Professional Culture

Engineers Without Borders – Travel to Puerto Rico 2020

This past January, Alberto Cordero and I were fortunate to travel to Puerto Rico for Engineers Without Borders (EWB) with a group of University of Wisconsin (UW) students participating in this project. This was the second assessment trip to Puerto Rico for the organization and project, and while we were on the island, we experienced the start of the earthquake swarms that have been shaking the island for weeks.


Project Background:

Engineers Without Borders is a global organization dedicated to building a better world by educating internationally responsible engineers and students. At the University of Wisconsin, the Puerto Rico chapter’s project is centered at the Hogar Albergue para Niños Jesús de Nazaret (the Hogar), a children’s shelter in Mayagüez, Puerto Rico. It is a home that offers shelter, food, transportation, education, social, and psychological services to children up to the age of 11 who are victims of abuse or neglect. After Hurricane Maria’s devastation in September of 2017 the shelter was without power for months and after the recent earthquakes, the island experienced a blackout. Due to these natural disasters, there has been an energy crisis across the island and the shelter spends $800-$1,000 each month for electricity. The goal of this project is to install a 25kW photovoltaic solar array with generator and battery back-up with the aim to reduce or eliminate the orphanage’s monthly electricity bill and provide a reliable and resilient source of power.

Our Travel:

Our assessment trip had a lot of firsts for me: it was my first time traveling with EWB, my first time in Puerto Rico, and my (and everyone else’s) first time experiencing an earthquake. We arrived in San Juan on January 7th, minutes after the 6.4 magnitude earthquake hit and knocked out power to the entire island. Luckily, we stayed with Alberto’s mom, whose power returned the next day since she lives close to the hospital. After assessing the situation and making sure our Airbnb was still standing, we deemed it safe to continue our trip to the west side of the island, to Cabo Rojo where we would stay for the next several days.

Despite the constant earthquakes, we accomplished a lot on our trip. We met with some professionals at Pratt & Whitney, who are starting up their own EWB professional chapter (the first in Puerto Rico). We presented the project and our progress to the Hogar’s board of directors, and they were very excited to share this at their open house in March. At the Hogar, we met with our in-country engineer — Angel from AZ Engineering — and contractor, Ernesto from RS Energía Solar, to update them on the project design, gather more info from the site, as well as discuss project timeline and next steps.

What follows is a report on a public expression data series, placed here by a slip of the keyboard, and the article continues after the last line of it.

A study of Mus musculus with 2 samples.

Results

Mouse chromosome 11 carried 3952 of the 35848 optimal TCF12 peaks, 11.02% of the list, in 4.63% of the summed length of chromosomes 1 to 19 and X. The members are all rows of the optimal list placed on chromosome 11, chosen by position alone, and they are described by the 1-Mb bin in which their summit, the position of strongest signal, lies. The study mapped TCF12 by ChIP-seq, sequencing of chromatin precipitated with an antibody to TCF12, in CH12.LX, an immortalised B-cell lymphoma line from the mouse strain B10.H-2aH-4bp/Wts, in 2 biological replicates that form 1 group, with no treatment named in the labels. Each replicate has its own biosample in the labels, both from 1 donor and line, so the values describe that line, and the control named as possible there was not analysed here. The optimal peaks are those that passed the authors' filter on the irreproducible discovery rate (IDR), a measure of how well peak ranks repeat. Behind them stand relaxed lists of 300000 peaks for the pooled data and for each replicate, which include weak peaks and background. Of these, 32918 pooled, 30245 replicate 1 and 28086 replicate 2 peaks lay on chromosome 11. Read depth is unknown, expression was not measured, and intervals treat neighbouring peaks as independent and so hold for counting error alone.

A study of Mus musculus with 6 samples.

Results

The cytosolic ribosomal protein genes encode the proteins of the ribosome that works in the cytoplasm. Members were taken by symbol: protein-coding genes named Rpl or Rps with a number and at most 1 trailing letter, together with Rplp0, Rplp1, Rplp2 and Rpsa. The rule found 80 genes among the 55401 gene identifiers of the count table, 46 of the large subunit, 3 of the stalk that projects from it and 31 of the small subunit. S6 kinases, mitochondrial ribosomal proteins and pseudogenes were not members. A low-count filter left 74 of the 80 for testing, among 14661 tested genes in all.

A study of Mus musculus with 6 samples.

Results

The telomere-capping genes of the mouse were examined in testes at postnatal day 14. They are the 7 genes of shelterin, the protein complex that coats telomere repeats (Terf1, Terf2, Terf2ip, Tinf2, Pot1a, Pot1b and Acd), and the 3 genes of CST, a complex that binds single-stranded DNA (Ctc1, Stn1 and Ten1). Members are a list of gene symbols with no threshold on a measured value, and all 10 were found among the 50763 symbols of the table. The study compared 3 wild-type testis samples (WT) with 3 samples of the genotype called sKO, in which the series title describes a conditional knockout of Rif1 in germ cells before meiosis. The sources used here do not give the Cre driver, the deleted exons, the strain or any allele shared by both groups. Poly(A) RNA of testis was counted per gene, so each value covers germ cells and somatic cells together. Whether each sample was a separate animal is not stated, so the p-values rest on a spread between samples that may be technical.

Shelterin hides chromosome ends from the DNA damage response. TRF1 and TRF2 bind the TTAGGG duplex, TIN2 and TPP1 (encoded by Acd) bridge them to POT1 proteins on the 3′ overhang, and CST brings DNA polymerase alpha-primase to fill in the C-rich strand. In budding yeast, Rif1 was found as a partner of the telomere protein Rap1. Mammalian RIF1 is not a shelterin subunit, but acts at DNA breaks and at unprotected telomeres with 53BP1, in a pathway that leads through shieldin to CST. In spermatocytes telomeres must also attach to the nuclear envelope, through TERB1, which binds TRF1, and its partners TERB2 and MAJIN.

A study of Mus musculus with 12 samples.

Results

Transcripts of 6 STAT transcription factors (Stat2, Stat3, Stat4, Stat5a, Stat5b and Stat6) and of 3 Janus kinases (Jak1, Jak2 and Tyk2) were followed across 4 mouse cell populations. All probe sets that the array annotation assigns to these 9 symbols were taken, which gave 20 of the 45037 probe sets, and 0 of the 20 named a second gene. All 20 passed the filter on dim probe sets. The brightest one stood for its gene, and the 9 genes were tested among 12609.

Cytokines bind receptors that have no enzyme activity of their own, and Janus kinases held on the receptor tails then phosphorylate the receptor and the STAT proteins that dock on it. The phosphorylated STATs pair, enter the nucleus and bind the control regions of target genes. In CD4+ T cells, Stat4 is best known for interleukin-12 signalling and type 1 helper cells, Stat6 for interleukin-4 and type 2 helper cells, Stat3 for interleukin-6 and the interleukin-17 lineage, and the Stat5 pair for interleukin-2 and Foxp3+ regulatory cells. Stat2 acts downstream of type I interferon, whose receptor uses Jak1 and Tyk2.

Next Steps:

We are working on acquiring batteries — the final missing piece of our design — and we are waiting for the structural analysis of the building where we will house our electrical room. The contractor will begin installing our system in March 2020 and we hope to have a complete, working solar PV system before the hurricane season.

For more info and project updates, visit our site. AEI continues to provide mentors and members to the organization, including Alberto Cordero, Dan Williams, Janelle Asselin, Jonas Pfaff and Bryan Ludwikoski, and is now one of the corporate sponsors for the EWB Madison chapters (MAPC and UW), in addition to providing mentors and members.

If you are interested in joining or learning more about the professional chapter, visit our site:

EWB emphasizes educating and empowering the communities we work with, so the students prepared four workshops for the children at the Hogar to teach them about solar energy in a fun interactive way. We made kaleidoscopes with the kids using toilet paper rolls and mylar sheets to show how the light reflects, and we used balloons and large soda bottles filled with water to demonstrate evaporation from the sun. The kids really enjoyed the solar oven s’more making workshop and the mini solar powered cars.

After our meetings and site visits, we had some extra time. We met with Alberto’s friend, Waldo, who runs the hydro and gas emergency utility plant in Mayagüez. He took us on a tour of the plant, and we saw one of the 54MW twin turbines in action. Since the earthquakes have begun, they have been running non-stop to provide power to the island.

Even though we were able to do the work we initially set out to do, the earthquakes reminded us just how crucial it is to design a resilient system that will survive natural disasters and will be a source of power that the orphanage and community can rely on for years to come.